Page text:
Growing spend on data centre systems could be short-lived
FYI, this story is more than a year old
IT spending is expected to continue churning forward this year and next.
Gartner has released its forecast, with total spending projected to come to US$3.8 trillion next year, an increase of 3.2 percent from the expected $3.7 trillion this year.
“While currency volatility and the potential for trade wars are still playing a part in the outlook for IT spending, it is the shift from ownership to service that is sending ripples through every segment of the forecast,” says Gartner research vice president John-David Lovelock.
“What this signals, for example, is more enterprise use of cloud services — instead of buying their own servers, they are turning to the cloud. As enterprises continue their digital transformation efforts, shifting to ‘pay for use’ will continue. This sets enterprises up to deal with the sustained and rapid change that underscores digital business.”
This year spending on data centre systems is expected to grow six percent, fuelled by a strong showing from the server market that saw growth of more than 10 percent last year and is set for a 5.7 percent growth this year.
However, Gartner expects that in 2019 servers will revert to a declining market and drop 1-3 percent every year for the next five years. Consequently, overall data centre systems spending will be impacted and will fall to 1.6 percent in 2019.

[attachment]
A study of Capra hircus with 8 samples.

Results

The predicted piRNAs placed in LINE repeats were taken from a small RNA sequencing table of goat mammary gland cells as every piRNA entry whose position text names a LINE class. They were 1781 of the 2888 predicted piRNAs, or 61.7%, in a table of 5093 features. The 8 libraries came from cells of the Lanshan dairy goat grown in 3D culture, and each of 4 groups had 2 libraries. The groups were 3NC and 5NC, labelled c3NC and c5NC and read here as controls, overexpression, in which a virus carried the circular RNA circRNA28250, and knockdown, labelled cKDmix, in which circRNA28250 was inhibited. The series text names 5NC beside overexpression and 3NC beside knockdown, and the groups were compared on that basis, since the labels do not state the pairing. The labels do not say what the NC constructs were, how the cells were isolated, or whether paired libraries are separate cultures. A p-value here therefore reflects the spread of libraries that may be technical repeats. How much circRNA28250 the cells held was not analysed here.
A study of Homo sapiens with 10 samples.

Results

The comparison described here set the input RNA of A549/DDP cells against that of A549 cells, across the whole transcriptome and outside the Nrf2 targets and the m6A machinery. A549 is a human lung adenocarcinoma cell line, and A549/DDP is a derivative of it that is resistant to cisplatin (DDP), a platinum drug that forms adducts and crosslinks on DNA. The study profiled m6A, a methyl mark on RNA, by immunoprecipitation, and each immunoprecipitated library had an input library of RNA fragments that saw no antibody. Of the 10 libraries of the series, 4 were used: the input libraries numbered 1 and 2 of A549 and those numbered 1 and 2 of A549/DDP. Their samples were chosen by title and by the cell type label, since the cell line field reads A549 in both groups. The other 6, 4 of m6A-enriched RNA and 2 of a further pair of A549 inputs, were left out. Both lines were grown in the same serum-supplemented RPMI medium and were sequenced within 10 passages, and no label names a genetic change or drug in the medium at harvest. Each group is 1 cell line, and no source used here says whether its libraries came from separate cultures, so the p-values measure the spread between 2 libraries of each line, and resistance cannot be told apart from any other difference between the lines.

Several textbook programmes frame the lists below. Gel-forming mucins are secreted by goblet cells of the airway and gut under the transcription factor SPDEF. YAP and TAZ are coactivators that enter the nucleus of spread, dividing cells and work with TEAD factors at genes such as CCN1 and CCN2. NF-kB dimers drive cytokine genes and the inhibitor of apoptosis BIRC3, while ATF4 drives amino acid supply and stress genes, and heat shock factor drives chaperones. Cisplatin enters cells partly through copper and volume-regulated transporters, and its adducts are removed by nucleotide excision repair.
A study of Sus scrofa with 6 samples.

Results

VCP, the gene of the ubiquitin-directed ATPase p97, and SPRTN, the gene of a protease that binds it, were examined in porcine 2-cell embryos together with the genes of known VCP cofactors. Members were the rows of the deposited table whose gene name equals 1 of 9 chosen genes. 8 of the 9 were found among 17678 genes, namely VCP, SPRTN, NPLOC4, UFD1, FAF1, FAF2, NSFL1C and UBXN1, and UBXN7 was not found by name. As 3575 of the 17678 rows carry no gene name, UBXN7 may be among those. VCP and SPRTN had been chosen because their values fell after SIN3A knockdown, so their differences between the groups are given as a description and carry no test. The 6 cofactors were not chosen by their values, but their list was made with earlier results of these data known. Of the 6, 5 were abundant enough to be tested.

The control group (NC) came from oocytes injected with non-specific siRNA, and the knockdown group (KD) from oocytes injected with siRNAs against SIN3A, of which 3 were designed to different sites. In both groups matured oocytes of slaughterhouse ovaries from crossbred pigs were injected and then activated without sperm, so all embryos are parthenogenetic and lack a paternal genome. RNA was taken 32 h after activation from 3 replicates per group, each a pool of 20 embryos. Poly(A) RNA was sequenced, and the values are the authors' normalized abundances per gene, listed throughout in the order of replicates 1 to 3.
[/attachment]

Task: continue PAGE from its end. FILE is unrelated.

In other sectors, enterprise software spending is forecast to show the most growth in 2019 with a 8.3 percent rise. Software as a service (SaaS) is boosting growth in almost all of the software sectors, especially in customer relation management as enterprises focus more on providing better customer experiences.
Spending on software will increase six percent this year with cloud software by far and away the most buoyant, set to reach growth of more than 22 percent.
While core applications like ERM, CRM, and supply chain remain as the biggest pullers of dollars, given recent events security and privacy are rapidly catching up.
Gartner ran a survey recently of CIOs around the world, which found that 88 percent have deployed or are planning to deploy cybersecurity software and other technology over the next year.
Services continue to be a key driver for IT spending, with the IT services market expected to grow 4.7 percent in 2019 to reach the $1 trillion milestone.
A worldwide slowdown in economic prosperity has been on the cards for some time now, and Gartner expects this to begin having an effect on enterprises as they look to cut internal spending by optimising external spend for business services like consulting.
A recent Gartner study found 46 percent of organisations asserted that IT services and supplier consolidation was among their top three most effective cost optimisation methods.
In terms of devices (PCs, tablets, and mobile phones), the market is expected to grow 2.4 percent in 2019 and reach $706 billion. Demand for PCs in particular has been strong and is expected to be ongoing until 2020 in light of Windows 10 PC hardware upgrades.
“PCs, laptops and tablets have reached a new equilibrium state. These markets currently have stable demand from consumers and enterprises,” says Lovelock.
“Vendors have only subtle technology differentiation, which is pushing them to offer PC as a Service (PCaaS) in order to lock clients into multiyear recurring revenue streams and offer new bundles service options.”